Capsicum annuum var. annuum
Pepper choices—ranging from crispy sweet to fiery hot, from big and blocky to long and skinny—increase each year. This native American vegetable is second only to tomatoes as a garden favorite, and it needs much the same care. Peppers are also ideal for spot planting around the garden. The brilliant colors of the mature fruit are especially attractive in flower beds and in container plantings.
New varieties of bell peppers are released every year, in mature colors ranging from bright red to orange to white, purple, and nearly black. If you've had past problems with diseases such as tobacco mosaic virus or bacterial spot, choose disease-resistant varieties.
Choose a site with full sun for your pepper plot. Don't plant peppers where tomatoes or eggplants grew previously, because all three are members of the nightshade family and are subject to similar diseases. Make sure the soil drains well; standing water encourages root rot.
Garden centers offer a good variety of transplants, but the choices are greater when you grow peppers from seed. Pepper roots don't like to be disturbed, so plant them indoors in peat pots two months before the last frost date, sowing three seeds to a pot. Maintain the soil temperature at 75°F, and keep the seedlings moist, but not wet. Provide at least 5 hours of strong sunlight a day, or ideally, keep the plants under lights for 12 or more hours daily. Once the seedlings are 2 to 3 inches tall, thin them by leaving the strongest plant in each pot and cutting the others off at soil level.
Seedlings are ready for the garden when they are 4 to 6 inches tall. Before moving the young plants to the garden, harden them off for about a week. Peppers are very susceptible to transplant "shock," which can interrupt growth for weeks. To avoid shocking the plants, make sure the soil temperature is at least 60°F before transplanting; this usually occurs 2 to 3 weeks after the last frost. Transplant on a cloudy day or in the evening to reduce the danger of sun scorch; if this is not possible, provide temporary shade for the transplanted seedlings.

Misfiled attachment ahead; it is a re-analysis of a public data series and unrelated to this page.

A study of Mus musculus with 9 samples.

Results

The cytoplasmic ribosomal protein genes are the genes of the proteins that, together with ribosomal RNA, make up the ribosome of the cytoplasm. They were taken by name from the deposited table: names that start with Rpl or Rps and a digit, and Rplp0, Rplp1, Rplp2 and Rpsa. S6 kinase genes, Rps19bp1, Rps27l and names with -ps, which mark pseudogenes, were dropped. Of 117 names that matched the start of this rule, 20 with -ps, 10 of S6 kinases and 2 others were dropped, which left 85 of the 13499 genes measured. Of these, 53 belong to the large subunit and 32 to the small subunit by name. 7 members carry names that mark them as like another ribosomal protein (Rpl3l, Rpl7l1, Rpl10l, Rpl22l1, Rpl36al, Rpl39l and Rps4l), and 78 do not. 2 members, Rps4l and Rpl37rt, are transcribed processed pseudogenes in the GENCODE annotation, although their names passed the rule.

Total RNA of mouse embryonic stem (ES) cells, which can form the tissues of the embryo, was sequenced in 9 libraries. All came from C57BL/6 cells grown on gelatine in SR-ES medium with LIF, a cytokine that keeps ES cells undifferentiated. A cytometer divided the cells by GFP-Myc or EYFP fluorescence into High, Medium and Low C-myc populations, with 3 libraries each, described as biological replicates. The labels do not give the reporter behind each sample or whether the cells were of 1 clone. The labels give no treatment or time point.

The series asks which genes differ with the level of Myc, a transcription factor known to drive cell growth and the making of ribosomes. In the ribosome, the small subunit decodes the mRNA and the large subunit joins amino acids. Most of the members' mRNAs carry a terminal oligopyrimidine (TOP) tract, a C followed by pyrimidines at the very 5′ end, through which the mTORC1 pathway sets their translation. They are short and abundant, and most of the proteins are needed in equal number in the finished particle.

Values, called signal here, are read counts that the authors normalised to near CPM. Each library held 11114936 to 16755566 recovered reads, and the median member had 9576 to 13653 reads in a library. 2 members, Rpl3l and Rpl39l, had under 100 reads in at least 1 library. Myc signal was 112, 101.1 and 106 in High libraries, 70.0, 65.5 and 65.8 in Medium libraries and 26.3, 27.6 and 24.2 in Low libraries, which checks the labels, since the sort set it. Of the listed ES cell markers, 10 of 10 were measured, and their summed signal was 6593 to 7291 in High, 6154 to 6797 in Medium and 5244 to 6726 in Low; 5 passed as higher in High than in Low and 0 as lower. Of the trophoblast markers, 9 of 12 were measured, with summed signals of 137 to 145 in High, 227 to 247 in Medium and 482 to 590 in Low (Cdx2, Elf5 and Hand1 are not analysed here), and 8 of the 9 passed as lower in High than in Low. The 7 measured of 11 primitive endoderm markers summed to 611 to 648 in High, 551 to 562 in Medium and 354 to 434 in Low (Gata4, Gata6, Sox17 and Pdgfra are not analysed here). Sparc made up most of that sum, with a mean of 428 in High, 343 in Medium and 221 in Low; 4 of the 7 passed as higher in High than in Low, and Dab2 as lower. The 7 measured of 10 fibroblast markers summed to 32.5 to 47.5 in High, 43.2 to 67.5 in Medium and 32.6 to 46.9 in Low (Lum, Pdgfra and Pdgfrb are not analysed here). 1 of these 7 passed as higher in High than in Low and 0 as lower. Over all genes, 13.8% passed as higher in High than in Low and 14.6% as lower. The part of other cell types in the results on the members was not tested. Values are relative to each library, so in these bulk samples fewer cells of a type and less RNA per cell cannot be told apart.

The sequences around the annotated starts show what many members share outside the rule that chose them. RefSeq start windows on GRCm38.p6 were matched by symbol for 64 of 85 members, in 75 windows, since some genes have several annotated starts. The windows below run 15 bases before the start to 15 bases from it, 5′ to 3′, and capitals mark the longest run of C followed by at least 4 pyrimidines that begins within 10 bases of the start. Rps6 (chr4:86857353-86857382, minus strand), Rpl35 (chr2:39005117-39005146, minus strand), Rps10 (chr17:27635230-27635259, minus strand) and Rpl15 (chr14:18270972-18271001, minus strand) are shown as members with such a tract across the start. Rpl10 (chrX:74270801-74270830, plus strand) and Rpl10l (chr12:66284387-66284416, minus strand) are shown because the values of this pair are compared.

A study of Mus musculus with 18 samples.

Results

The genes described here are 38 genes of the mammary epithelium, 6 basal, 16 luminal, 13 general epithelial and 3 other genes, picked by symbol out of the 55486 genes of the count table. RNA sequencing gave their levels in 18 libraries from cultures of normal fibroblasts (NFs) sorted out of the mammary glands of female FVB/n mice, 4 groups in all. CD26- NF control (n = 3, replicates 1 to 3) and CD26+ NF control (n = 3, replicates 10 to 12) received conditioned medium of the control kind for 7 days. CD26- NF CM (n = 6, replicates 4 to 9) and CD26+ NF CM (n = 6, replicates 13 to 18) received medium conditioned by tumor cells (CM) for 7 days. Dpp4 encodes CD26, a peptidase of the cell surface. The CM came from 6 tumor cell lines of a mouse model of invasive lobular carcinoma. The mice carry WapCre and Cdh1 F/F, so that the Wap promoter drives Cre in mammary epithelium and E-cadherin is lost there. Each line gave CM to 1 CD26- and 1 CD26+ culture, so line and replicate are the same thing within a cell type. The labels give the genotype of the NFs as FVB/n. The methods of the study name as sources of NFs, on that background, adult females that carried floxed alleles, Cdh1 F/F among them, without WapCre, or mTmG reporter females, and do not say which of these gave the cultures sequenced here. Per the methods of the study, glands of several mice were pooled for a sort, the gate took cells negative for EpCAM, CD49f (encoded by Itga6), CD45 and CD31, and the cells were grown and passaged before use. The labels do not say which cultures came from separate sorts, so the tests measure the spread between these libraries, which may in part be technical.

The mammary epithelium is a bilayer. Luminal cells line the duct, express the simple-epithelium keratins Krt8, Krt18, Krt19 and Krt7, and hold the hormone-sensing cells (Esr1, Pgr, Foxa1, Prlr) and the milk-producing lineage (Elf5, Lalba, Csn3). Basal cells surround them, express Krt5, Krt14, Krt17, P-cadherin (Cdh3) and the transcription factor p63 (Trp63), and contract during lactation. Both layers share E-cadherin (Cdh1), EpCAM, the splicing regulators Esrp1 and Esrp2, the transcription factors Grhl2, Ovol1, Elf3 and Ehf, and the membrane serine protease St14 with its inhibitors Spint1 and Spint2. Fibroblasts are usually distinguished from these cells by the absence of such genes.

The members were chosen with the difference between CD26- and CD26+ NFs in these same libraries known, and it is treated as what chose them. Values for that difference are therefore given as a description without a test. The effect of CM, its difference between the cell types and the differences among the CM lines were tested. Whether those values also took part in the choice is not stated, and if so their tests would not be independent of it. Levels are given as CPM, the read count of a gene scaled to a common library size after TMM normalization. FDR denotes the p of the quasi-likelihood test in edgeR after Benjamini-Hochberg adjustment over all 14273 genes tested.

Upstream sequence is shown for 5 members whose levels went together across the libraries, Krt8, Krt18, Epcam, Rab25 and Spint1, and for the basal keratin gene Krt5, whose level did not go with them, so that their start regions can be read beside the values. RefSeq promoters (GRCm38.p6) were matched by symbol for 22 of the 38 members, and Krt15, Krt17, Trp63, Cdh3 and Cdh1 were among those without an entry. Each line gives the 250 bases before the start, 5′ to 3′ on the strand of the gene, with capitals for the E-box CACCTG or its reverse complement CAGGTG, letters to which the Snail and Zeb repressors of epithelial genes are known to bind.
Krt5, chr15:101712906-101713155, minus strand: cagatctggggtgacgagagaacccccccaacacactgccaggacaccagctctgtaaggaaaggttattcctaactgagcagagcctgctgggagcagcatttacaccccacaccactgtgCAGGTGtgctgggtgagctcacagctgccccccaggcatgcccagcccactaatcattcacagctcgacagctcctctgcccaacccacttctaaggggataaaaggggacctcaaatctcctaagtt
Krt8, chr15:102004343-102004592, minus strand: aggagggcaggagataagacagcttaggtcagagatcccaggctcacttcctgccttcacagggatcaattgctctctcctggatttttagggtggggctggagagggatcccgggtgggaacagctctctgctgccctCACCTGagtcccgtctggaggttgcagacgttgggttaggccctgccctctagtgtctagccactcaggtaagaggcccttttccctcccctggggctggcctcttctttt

When buying transplants, look for ones with strong stems and dark green leaves. Pass up those that already have tiny fruits on them, because such plants won't produce well. Peppers take at least 2 months from the time the plants are set out to the time they produce fruit, so short-season growers should select early-maturing cultivars.
Space transplants about 1½ feet apart in rows at least 2 feet apart, keeping in mind that most hot-pepper cultivars need less room than sweet ones. If the plot is exposed to winds, stake the plants, but put these supports in place before transplanting the seedlings to keep from damaging roots. To deter cutworms, place a cardboard collar around each stem, pushing it at least an inch into the ground. If the weather turns chilly and rainy, protect young plants with hotcaps.
Evenly moist soil is essential to good growth, so spread a thick but light mulch, such as straw or grass clippings, around the plants. Water deeply during dry spells to encourage deep root development. Lack of water can produce bitter-tasting peppers. To avoid damaging the roots, gently pull any invading weeds by hand.
Although peppers are tropical plants, temperatures over 90°F often cause blossoms to drop and plants to wilt. To avoid this problem, plan your garden so taller plants will shade the peppers during the hottest part of the day. If you plant peppers in properly prepared soil, fertilizing usually isn't necessary. Pale leaves and slow growth, however, are a sign that the plants need a feeding of liquid fertilizer, such as fish emulsion or compost tea. Learn more about compost tea.
Since sprays of ground-up hot peppers can deter insects, it's logical that pests don't usually bother pepper plants. There are, however, a few exceptions. The pepper weevil, a 1/8-inch-long, brass-colored beetle with a brown or black snout, and its ¼-inch-long larva, a white worm with a beige head, chew holes in blossoms and buds, causing misshapen and discolored fruits. It's a common pest across the southern United States. Prevent damage by keeping the garden free of crop debris. Hand pick any weevils you spot on the plants.
Other occasional pests include aphids, Colorado potato beetles, flea beetles, hornworms, and cutworms. See the Top Ten Garden Pests page for information on these insect pests and how to control them.
Crop rotation and resistant cultivars are your best defense against most pepper diseases. Here are some common diseases to watch for:
See the Pepper Problems for more information on some of these diseases and control measures.
Most sweet peppers become even sweeter when mature as they turn from green to bright red, yellow, or orange—or even brown or purple. Mature hot peppers offer an even greater variety of rainbow colors, often on the same plant, and achieve their best flavor when fully grown. Early in the season, however, it's best to harvest peppers before they ripen to encourage the plant to keep bearing; a mature fruit can signal a plant to stop production.
Always cut (don't pull) peppers from the plant. Pick all the fruit when a frost is predicted, or pull plants up by the roots and hang them in a dry, cool place indoors for the fruit to ripen more fully. To preserve, freeze peppers (without blanching), or dry hot types.